Philosophy is inseparable from a true liberal arts education
Many of the careers of tomorrow have yet to be imagined, making a liberal arts education more important than ever before. According to Professor Paul Nnodim, his specialty - philosophy - is inseparable from a true liberal arts education.
"Philosophy challenges students to bring a rigorous, critical, and constructive attitude to every aspect of their lives," Nnodim explains. "These transferable skills and habits not only complement students' future careers and scholarly pursuits, but more importantly equip them for lives marked by intellectual curiosity and engagement."
A number of successful philosophy majors have passed through MCLA's gates, and now are doing very well in top graduate schools across the country, according to Nnodim.
" For example, one is about to complete a master's program in ethics and public policy at Suffolk University in Boston, and another is in his third year of the direct Ph.D. program in clinical psychology at Antioch Graduate School of Psychology," Nnodim says. "The recent feedback I received from their supervisors is more than gratifying."
MCLA's philosophy majors are equipped to compete with their peers around the world.
"Another of our majors has just returned from Germany, where she successfully completed a one-year study abroad program," Nnodim says. "She was one of the 45 students chosen from across Europe and the U.S. to study at the European College of Liberal Arts (ECLA), Berlin - a highly selective liberal arts college of only about 50 students."
At ECLA, students are taught by professors from across the globe, including those from Columbia University, Eberhard Karls University of Germany, Cambridge University, Harvard University, Arhus University of Ireland and London University.
Nnodim considers philosophy to be an extremely useful pursuit because of the way it challenges students to bring a rigorous, critical, and constructive attitude to every aspect of their lives.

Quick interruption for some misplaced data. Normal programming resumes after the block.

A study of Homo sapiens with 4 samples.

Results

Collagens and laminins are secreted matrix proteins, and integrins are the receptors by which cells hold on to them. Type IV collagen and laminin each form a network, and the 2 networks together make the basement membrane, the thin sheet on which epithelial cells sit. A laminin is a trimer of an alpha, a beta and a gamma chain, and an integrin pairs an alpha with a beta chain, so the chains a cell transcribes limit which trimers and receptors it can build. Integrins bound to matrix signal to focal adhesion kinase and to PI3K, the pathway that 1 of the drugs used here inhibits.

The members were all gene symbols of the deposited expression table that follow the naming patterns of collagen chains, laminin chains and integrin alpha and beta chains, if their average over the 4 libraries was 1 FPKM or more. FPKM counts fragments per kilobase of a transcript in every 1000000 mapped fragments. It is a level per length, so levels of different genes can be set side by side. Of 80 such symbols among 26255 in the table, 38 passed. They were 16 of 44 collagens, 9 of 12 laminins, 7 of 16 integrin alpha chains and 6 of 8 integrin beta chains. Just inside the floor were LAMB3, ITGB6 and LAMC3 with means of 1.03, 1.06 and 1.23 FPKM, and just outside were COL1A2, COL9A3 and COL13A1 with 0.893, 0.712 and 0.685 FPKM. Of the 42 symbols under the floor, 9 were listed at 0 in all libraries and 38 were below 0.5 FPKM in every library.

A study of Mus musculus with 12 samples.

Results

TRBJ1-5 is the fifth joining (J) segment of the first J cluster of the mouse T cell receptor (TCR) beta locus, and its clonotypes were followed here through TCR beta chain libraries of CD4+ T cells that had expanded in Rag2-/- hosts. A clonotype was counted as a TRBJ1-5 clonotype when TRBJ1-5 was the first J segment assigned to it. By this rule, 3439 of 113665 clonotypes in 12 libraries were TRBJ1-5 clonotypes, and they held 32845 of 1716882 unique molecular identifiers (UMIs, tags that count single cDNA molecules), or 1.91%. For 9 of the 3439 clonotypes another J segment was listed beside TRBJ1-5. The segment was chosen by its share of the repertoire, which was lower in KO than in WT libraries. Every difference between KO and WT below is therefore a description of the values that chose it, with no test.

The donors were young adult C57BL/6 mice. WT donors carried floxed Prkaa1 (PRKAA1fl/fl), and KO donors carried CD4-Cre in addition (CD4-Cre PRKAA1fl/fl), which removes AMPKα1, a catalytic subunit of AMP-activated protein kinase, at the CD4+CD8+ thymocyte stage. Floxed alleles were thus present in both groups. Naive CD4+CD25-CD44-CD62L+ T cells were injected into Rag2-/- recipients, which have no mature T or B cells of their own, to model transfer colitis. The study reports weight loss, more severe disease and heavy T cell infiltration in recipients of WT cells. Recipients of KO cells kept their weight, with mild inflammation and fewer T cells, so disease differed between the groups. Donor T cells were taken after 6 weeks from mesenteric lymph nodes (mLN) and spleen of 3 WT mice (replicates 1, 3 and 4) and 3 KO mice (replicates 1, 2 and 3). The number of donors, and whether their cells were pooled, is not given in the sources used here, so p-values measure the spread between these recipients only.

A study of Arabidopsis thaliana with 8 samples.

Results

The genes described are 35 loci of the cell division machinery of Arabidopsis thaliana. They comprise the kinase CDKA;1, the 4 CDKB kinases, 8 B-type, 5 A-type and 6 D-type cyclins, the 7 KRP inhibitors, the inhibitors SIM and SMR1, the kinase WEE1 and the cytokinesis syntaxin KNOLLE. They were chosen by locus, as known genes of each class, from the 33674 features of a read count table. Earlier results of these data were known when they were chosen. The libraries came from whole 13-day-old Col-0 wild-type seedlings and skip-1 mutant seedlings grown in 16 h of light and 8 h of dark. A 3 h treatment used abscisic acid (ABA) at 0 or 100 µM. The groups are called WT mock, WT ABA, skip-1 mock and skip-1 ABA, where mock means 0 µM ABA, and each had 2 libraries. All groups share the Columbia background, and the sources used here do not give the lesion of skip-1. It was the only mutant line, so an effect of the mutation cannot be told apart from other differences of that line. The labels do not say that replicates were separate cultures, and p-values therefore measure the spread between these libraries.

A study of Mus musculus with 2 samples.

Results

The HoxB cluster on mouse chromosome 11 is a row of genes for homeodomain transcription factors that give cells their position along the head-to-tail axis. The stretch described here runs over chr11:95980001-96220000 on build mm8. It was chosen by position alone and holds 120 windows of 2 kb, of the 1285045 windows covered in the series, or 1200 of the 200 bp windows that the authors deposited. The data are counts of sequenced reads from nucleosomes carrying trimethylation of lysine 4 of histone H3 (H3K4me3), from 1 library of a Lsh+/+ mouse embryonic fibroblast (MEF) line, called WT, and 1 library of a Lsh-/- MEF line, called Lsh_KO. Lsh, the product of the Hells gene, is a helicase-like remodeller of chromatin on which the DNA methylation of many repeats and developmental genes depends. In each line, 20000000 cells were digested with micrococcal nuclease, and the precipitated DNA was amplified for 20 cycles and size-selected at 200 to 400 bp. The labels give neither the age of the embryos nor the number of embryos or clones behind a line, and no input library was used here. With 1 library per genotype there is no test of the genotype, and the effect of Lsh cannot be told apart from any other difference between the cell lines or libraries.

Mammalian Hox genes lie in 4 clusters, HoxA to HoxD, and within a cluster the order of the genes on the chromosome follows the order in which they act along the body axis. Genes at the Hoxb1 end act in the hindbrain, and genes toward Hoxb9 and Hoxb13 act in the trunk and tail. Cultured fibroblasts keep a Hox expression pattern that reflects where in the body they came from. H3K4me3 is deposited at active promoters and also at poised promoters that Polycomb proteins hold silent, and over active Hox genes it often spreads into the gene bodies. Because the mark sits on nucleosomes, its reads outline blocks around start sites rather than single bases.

"As a humanistic discipline that explores the most fundamental questions of human existence, value, life, and knowledge, philosophy deepens and unifies other academic disciplines through the systematic exercise of historical, logical, literary, scientific, abstract, and practical thinking, and is in that way inseparable from a true liberal arts education," he says.
"While many students who major in philosophy may not become philosophy teachers, they certainly have a wide range of career perspectives and opportunities," says Nnodim. "Some may pursue a career in law, business, management, as well as in government, non-profit or international organizations. The skills they gain studying philosophy complement most careers."
Nnodim, who was born and educated in Nigeria, earned his doctorate from Johannes Gutenberg University in Germany. He recently was appointed associate editor of the International Journal of Interdisciplinary Social Sciences.
As an editor, he reviews scholarly articles submitted by his peers from around the world. In 2007, that same journal recognized Nnodim for his exceptional work by awarding him the International Award for Excellence.